Hong Kong antiquities board declares three historic buildings worthy of permanent protection
Grade One designations accompanied by recommendation that ‘every effort’ be made to preserve a 130-year-old building in Central
Hong Kong’s Antiquities Advisory Board has agreed to declare three Grade One historic buildings as monuments for permanent protection.
The three buildings are 82-year-old Buddhist temple Tung Lin Kok Yuen in Happy Valley, 86-year-old Kowloon Union Church in Yau Ma Tei, and 318-year-old Yeung Hau Temple in Tai O.
At a meeting on Thursday, the board also agreed to recommend a three-storey building with over 130 years of history in Central as a Grade One historic building, meaning “every effort should be made to preserve [the building] if possible”.
“The Antiquities and Monuments Office considers that with the significant heritage value ... the three historic buildings have reached the ‘high threshold’ to be declared as monuments,” the office said in a statement. “Consent ... has been obtained from the respective owners.”
Office executive secretary Susanna Siu Lai-kuen said the three buildings were all privately owned, but the office would oversee the buildings’ conservation and maintenance after the declaration. The owners would need to obtain a permit from the office if they wanted to initiate any maintenance or renovation works, she said.
Built in 1935, Tung Lin Kok Yuen was founded by Lady Clara Hotung and her husband, prominent businessman Sir Robert Hotung. Its temple was designed by Fung Tsun, an architect trained in Hong Kong and London. It features Western engineering and Chinese designs such as flying eaves, brackets and glazed tile roofs.
Kowloon Union Church was built by the London Missionary Society and officially opened in 1931 by then governor Sir William Peel. During its occupation of the city, the Japanese army converted the church into a horse stable. It reopened for public worship in 1947.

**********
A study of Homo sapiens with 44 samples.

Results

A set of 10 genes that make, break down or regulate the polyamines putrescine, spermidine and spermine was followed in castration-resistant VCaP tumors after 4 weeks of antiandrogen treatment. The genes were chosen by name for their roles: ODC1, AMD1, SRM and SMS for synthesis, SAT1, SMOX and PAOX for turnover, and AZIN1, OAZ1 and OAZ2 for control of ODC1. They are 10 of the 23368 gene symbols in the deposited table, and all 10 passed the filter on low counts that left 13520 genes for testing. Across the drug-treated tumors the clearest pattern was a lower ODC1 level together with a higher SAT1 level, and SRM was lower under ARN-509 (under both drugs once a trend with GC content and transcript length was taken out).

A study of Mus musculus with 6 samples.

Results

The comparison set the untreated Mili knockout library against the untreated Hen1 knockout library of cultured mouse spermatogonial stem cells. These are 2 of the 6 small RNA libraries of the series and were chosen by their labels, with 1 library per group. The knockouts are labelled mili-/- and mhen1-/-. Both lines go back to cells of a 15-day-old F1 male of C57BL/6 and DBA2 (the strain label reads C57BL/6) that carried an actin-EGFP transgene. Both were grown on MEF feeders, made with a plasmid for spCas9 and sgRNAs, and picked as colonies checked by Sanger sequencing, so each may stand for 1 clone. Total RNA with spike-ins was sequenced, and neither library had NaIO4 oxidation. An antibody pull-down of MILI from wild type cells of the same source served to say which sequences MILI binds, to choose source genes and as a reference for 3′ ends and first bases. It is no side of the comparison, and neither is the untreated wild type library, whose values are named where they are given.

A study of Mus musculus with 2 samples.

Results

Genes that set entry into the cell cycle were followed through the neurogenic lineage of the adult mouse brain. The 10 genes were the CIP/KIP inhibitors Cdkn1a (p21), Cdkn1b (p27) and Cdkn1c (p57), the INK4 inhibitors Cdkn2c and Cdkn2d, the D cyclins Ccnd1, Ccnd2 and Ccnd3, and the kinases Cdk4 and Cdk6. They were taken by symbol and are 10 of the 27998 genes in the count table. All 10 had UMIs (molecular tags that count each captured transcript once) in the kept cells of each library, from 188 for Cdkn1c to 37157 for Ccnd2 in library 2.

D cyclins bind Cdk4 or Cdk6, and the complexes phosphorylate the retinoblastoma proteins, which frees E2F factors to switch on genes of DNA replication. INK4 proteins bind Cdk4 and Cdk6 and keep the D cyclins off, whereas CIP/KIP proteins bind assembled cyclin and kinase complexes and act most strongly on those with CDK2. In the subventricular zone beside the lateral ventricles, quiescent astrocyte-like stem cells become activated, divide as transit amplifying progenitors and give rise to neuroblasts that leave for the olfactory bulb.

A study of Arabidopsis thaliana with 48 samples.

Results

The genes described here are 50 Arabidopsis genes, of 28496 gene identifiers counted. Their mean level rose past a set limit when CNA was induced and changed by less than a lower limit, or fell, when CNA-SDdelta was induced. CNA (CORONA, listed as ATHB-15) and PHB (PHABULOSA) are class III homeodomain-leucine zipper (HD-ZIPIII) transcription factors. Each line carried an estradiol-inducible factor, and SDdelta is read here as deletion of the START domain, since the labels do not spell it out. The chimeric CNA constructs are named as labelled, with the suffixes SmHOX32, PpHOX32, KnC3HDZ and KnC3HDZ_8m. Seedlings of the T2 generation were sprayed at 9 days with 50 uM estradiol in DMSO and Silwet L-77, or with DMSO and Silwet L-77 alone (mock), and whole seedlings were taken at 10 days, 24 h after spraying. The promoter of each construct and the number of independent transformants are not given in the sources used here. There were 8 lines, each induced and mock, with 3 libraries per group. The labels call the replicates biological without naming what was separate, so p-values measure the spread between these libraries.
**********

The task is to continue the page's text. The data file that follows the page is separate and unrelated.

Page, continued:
The church is Gothic in style with a pitched Chinese-tiled roof, red brick walls and contrasting grey granite steps.
Yeung Hau Temple is thought to have been built in 1699 or earlier and is now the oldest temple in Tai O. Ceramic figurines depicting Chinese folk stories can be found on the roof’s ridge. There are also a pair of historic couplets from 1877 as well as a plaque from 1881 hanging inside the temple, which are unique artefacts in Hong Kong.
The building at 120 Wellington Street, nicknamed Wing Woo Ho after a well-established former grocery store on the ground floor, was recommended as a Grade One historic building, pending a one-month public consultation.
Previously threatened by an Urban Renewal Authority redevelopment project, it was reported last month that the authority had decided to preserve the whole building instead of its facade only.
At the board meeting, office curator Ng Chi-wo said Wing Woo Ho was built between 1880 and 1894, with its exterior and roof well preserved, and contained a wooden indoor staircase and some cement tiles with flower patterns.
The MTR Corporation has also submitted its latest plan to preserve a well and a water channel dating to the Song-Yuan period (960-1368). They were unearthed at the site of the railway operator’s proposed To Kwa Wan station of the Sha Tin-Central Link.
The company proposes to remove the artefacts by hand after numbering and reassembling them at their original positions once necessary works at the station are carried out. A transparent panel is to be installed on the station’s roof to allow people to view the well and channel from below.
The company also proposes to install two display cabinets in the station concourse to showcase other unearthed relics.
But some board members urged the MTR Corp to incorporate more historic elements in the station, such as pictures and accompanying texts to draw viewers. Others questioned whether the company could create sufficient space for viewers and commuters without any conflicts.